Coyotes (Canis latrans) are resourceful creatures who have successfully adapted to areas altered by people. They are able to survive in rural forests, fields, thickets, marshes, and woodlands as well as populated suburbs. Mainly nocturnal animals, coyotes are most often observed at dawn or dusk, but can be active at anytime.
Their dens, which are occupied for the purpose of giving birth, are located on slopes, banks, or rocky ledges and are often hidden under downed trees, stumps, or in culverts. Although capable of digging their own den, they frequently enlarge abandoned burrows of woodchucks, foxes, or skunks.
The eastern coyote stands 23 to 26 inches tall with a body length of 42 to 52 inches, including a 12 to 15 inch bushy tail. Males are slightly larger than the females. In Massachusetts, females average 30 pounds and males average 35 pounds.
Except for their size, male and female coyotes look alike; both have long, dense fur, which varies in color from grizzled gray to yellowish gray. The hair on the back is a mixture of gray, black and buff, with more black on the tail and less on the under parts and head. They resemble a German shepherd in appearance, but have pointed ears that stand erect, a more pointed muzzle, and a very bushy tail that hangs down in a vertical position.
Eastern coyotes do not mate until their second year and most are monogamous, remaining paired for several seasons. In Massachusetts, breeding takes place in February. During March coyotes seek out and excavate their den sites.
In April, after a 60 to 65 day gestation period, the female gives birth to four to seven pups. They weigh about a 1/2 pound at birth and are nursed for about two weeks. When their eyes open, at 10 to 14 days, they also begin eating regurgitated food provided by the father.
As the young grow and become more mobile, the female leaves the den to hunt. There are even reports of offspring from the previous litter bringing food to the pups. The pups are weaned at nine weeks and are hunting on their own by mid-summer.
When the pups are very young, traits emerge that identify one male and one female pup as being dominate over the others in the litter. In the fall, the dominant pups remain in the parents' territory, while the others disperse. These young, inexperienced coyotes, now on their own, have less than a 50 percent survival rate; cars, hunters, and trappers account for most of the deaths.
In Massachusetts, the bulk of their diet consists of deer, mice, woodchucks, voles, shrews, rabbits, beaver, muskrat, weasels, squirrels, and carrion. They eat ground-nesting birds and their eggs as well as reptiles and amphibians. When other prey is scarce they will eat a variety of insects including grasshoppers, beetles, and cicadas. When animal matter is scarce, they will eat available fruits such as apples, cherries, grapes, and strawberries.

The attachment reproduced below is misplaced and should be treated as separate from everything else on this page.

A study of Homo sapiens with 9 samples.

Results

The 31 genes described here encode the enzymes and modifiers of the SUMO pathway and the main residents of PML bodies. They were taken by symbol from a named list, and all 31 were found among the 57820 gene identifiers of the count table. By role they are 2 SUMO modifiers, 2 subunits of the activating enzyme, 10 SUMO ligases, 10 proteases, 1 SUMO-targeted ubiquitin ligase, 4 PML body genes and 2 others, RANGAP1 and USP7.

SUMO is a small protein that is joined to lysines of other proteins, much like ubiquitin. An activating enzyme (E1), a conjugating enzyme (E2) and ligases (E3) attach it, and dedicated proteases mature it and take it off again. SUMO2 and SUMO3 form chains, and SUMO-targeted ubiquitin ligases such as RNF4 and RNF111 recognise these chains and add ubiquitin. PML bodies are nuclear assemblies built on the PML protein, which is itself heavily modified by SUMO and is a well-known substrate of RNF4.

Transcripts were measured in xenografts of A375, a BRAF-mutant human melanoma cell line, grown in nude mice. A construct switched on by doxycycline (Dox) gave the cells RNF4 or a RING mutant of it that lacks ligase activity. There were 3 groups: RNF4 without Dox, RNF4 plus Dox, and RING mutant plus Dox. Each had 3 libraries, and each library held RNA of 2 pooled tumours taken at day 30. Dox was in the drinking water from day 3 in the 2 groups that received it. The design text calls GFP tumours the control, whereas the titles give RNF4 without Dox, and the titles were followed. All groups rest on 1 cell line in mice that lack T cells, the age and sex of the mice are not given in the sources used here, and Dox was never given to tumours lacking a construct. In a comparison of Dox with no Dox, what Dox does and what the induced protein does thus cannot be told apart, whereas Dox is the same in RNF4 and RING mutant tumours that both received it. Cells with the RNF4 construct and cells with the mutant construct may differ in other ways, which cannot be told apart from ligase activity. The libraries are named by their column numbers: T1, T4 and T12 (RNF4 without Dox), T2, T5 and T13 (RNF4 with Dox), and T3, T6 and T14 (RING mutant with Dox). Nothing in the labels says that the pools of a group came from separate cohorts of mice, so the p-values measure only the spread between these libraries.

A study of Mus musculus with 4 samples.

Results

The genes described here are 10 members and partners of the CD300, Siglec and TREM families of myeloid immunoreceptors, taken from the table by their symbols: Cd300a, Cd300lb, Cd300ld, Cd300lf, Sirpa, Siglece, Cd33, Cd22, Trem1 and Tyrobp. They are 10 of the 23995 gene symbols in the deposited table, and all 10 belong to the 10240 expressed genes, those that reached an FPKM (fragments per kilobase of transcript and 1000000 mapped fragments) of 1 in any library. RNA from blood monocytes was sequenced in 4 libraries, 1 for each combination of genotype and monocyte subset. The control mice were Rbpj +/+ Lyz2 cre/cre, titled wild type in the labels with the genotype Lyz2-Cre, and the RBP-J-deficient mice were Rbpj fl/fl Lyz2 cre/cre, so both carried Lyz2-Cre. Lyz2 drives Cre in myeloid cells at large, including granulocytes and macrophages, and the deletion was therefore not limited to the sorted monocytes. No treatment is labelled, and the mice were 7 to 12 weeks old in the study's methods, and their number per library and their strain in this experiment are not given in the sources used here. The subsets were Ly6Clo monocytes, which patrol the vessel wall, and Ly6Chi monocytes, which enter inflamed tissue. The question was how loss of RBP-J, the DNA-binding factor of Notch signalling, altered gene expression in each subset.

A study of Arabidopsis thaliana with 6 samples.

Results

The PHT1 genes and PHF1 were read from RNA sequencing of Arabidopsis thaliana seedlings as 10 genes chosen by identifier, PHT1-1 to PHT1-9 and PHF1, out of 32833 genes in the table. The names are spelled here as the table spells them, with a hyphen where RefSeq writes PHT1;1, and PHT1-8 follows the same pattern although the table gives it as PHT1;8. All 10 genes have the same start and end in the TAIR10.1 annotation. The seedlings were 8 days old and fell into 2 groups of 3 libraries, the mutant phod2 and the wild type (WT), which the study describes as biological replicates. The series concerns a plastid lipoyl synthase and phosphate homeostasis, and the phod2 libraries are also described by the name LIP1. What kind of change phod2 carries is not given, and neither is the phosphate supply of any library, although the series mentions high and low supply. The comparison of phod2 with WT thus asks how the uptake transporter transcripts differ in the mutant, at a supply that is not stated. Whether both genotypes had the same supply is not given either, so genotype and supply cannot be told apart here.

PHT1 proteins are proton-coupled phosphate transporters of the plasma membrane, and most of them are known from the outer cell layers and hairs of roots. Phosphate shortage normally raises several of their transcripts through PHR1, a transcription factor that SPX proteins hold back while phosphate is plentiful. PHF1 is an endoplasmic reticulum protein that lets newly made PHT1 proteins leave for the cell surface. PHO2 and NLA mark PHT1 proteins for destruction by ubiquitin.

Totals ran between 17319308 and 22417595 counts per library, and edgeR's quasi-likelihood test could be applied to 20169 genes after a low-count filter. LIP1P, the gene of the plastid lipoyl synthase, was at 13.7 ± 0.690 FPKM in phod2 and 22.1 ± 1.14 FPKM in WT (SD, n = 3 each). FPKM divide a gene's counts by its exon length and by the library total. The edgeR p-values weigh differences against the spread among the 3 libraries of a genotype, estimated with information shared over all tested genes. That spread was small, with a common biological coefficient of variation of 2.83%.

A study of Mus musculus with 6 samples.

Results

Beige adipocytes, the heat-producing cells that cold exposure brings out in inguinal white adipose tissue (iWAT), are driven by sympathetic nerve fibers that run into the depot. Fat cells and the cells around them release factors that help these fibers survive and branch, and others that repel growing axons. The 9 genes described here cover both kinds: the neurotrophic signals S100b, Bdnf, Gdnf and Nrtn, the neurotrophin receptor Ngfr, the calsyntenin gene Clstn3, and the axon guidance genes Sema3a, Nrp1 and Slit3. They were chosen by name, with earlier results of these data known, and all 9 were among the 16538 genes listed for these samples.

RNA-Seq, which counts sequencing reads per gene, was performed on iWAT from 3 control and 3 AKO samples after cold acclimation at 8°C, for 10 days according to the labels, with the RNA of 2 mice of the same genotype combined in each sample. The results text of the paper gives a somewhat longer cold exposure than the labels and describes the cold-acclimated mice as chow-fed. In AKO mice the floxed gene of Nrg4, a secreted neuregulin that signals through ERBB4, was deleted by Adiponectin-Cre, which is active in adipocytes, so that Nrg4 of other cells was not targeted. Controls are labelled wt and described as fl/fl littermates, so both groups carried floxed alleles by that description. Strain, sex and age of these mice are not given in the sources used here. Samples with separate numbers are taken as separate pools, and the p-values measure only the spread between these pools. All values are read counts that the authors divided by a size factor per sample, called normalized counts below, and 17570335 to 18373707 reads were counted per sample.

Since the 1920s when the first eastern coyotes appeared in forests in New York, there has been confusion about their ancestry. In 1957 and 1958 coyote specimens were taken in Otis (Berkshire County) and New Salem (Franklin County) confirming that coyotes were present in the state. Since that time they have been confirmed in every county in the state, including Cuttyhunk Island and Martha’s Vineyard in Dukes County.
Because it is 20 to 30 percent larger than the western coyote, people believed it to be a cross between a coyote and a dog, giving it the name "coydog." Even though coyotes and dogs have been known to interbreed both in the wild and in captivity, mortality in the offspring is high and they likely could not evolve into the resilient canids now known as eastern coyotes.
Some researchers now believe that the eastern coyote is a hybridization between the western coyote and red wolves many generations ago in the upper Great Lakes region of the United States. It is theorized that as populations of the western coyote increased, they were forced to move east and north in search of food. As they moved into Minnesota they crossbred with eastern/red wolves and produced a genetically hardy animal able to sustain itself through New England winters.
Situations & Solutions
Coyotes are wary animals who will avoid people at all costs. The increased coyote sightings in suburbia have created concerns about peoples' safety in their backyards. Coyote attacks on humans are rare in Massachusetts.
Keeping Coyotes Out of Yards
The prospect of an easy meal can bring coyotes into yards. Coyotes are also drawn to an area by the availability of small mammals, which are attracted to the same food sources. If a coyote does appear in your yard, don’t try to approach it or its pups.
To make your property less attractive to coyotes, follow these steps:
- Don't leave pet food outdoors. If you must feed pets outdoors, provide only the amount your pet will consume in one feeding.
- Secure your garbage. Coyotes are capable of knocking over trashcans and tearing open trash bags left in the open.
- Pick up fallen fruit. Fruit that has fallen to the ground and left to rot can be appealing to wildlife, including coyotes.
- Don't feed coyotes. Feeding can draw them closer to homes and cause them to become less wary of humans.
- Keep pets indoors. A roaming cat or small dog can be perceived as prey by coyotes. There have been rare cases of an unattended small dog being taken by a coyote.
Found or Injured Coyotes
Sick or injured animals can be unpredictable and dangerous, especially those susceptible to the rabies virus (including coyotes). If you find a coyote in either condition stay away from it and do not attempt to handle it or move it. Learn more about rabies and what actions you can take.